What to Read
Vikram Singh

Over the years, we’ve had numerous conversations with industry leaders and often one of the topics that we discuss is the latest book read. We thought it would be fun to share some of these booklover conversations with our readers. Here are what our industry leaders are reading.

Grape Olive Pig
by Matt Goulding
[Review by Vikram Singh, Rainmaker]

Spain’s amazing history, lifestyle and culinary culture come alive as you joyfully work your way through Matt Goulding’s “Grape Olive Pig.” Since my two biggest passions are food and travel, this book could have been written expressly for me. Although this book does provide a wealth of information, it reads more like a book of stories.

In “Grape Olive Pig,” Goulding skillfully weaves together the elements of history, local ingredients, favorite dishes, interesting people and well-loved places. He writes not only with easy familiarity, but also with great enthusiasm. The end result is a compilation of essays that comprise a love story to his adopted home country of Spain.

In chapters about the regions and food culture of Spain, Goulding takes you on a journey with him throughout the country. He tells his stories using food, maps, history and anecdotes about actual people from specific regions. For example, you meet emerging chefs in Madrid in one chapter; in another you learn how they process pigs in Salamanca, the home of Spain’s most well-known culinary export, jamón ibérico (Iberian ham).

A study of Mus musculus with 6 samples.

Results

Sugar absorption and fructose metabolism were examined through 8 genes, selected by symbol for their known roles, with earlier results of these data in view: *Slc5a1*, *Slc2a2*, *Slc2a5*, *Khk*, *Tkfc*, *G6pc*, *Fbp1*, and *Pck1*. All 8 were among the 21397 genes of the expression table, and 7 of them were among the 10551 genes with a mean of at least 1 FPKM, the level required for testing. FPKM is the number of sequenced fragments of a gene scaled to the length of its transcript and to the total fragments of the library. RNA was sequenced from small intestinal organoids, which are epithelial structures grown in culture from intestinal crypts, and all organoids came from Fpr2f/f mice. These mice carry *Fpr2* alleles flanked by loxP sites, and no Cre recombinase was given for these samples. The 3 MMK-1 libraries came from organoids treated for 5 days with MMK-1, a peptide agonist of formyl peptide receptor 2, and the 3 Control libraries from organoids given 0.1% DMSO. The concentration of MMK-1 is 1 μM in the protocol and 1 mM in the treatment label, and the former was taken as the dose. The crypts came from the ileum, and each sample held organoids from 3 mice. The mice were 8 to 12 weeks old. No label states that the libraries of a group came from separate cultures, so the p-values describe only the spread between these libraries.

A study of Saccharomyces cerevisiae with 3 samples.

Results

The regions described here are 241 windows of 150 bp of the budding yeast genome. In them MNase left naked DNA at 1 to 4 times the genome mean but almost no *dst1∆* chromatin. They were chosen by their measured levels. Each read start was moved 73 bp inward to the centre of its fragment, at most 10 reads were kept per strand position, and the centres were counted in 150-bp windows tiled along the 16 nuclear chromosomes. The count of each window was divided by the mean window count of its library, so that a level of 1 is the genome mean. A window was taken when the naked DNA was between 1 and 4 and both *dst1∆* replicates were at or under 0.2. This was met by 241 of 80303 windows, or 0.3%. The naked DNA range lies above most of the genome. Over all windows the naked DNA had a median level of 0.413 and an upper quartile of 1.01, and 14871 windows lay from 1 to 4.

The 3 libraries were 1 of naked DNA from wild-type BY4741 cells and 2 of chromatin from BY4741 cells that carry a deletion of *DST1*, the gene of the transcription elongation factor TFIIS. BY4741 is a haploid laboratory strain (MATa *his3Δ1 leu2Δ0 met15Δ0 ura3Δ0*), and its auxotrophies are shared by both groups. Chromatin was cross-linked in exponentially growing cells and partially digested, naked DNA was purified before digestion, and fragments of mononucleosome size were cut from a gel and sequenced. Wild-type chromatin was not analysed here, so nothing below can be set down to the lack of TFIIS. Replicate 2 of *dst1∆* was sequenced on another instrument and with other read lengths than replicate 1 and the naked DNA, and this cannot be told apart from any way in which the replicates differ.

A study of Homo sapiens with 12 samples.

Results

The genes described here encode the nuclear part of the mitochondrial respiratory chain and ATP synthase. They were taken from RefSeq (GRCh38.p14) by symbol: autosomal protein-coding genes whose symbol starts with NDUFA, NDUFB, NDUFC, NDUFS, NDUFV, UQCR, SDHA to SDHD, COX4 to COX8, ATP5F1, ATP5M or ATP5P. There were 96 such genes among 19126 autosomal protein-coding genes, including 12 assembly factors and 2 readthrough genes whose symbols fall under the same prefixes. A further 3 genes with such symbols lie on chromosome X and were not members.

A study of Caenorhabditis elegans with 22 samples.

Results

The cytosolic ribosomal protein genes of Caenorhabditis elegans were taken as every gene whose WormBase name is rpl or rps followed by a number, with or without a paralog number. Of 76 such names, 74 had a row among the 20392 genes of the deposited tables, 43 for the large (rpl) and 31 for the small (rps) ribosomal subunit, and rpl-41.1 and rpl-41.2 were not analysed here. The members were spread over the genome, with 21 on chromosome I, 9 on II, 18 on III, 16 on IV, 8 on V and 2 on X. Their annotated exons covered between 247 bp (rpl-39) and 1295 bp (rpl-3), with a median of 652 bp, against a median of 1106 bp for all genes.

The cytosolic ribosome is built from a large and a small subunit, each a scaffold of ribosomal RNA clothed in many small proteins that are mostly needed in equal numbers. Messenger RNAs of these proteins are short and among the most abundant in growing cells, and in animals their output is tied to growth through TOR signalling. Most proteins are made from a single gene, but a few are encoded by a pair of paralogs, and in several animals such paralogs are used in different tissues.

One of my favorite chapters describes the roots of Spanish rice and paella in Valencia. I also loved traveling to the shores of Cadiz in the south, where he gives a brief history lesson on how tuna evolved into a billion dollar industry. You’ll visit the fabled Basque country in Northern Spain where Goulding pays homage to one of the most famous chefs in the world, who also runs a culinary school the author attended in his youth. There is always a personal connection, which keeps the book from becoming a generic itinerary planner.

In the story from Galicia, on the northwest coast of Spain, I learned about the stubborn divers risking their lives every day on the roaring Atlantic coast to dive for percebes (barnacles). In Granada (southern Spain) the writer outlines the lives of shepherds who are living in a land that still feels like the Old World. In his chapter on Barcelona, you get a personal glimpse into the not-so-subtle Catalan culture and history. It’s easy to see why some of the greatest chefs in the word operate their restaurants there.
The book does read a bit like a travel guide at times, but does it well. Goulding offers excellent tips on how to “eat and drink like a Spaniard,” which can help you avoid the tourist traps laid down for you alongside all the famous landmarks in cities across Spain. Having last visited Spain almost a decade ago, this book inspired me to book my next trip and experience it again. This is travel writing done right.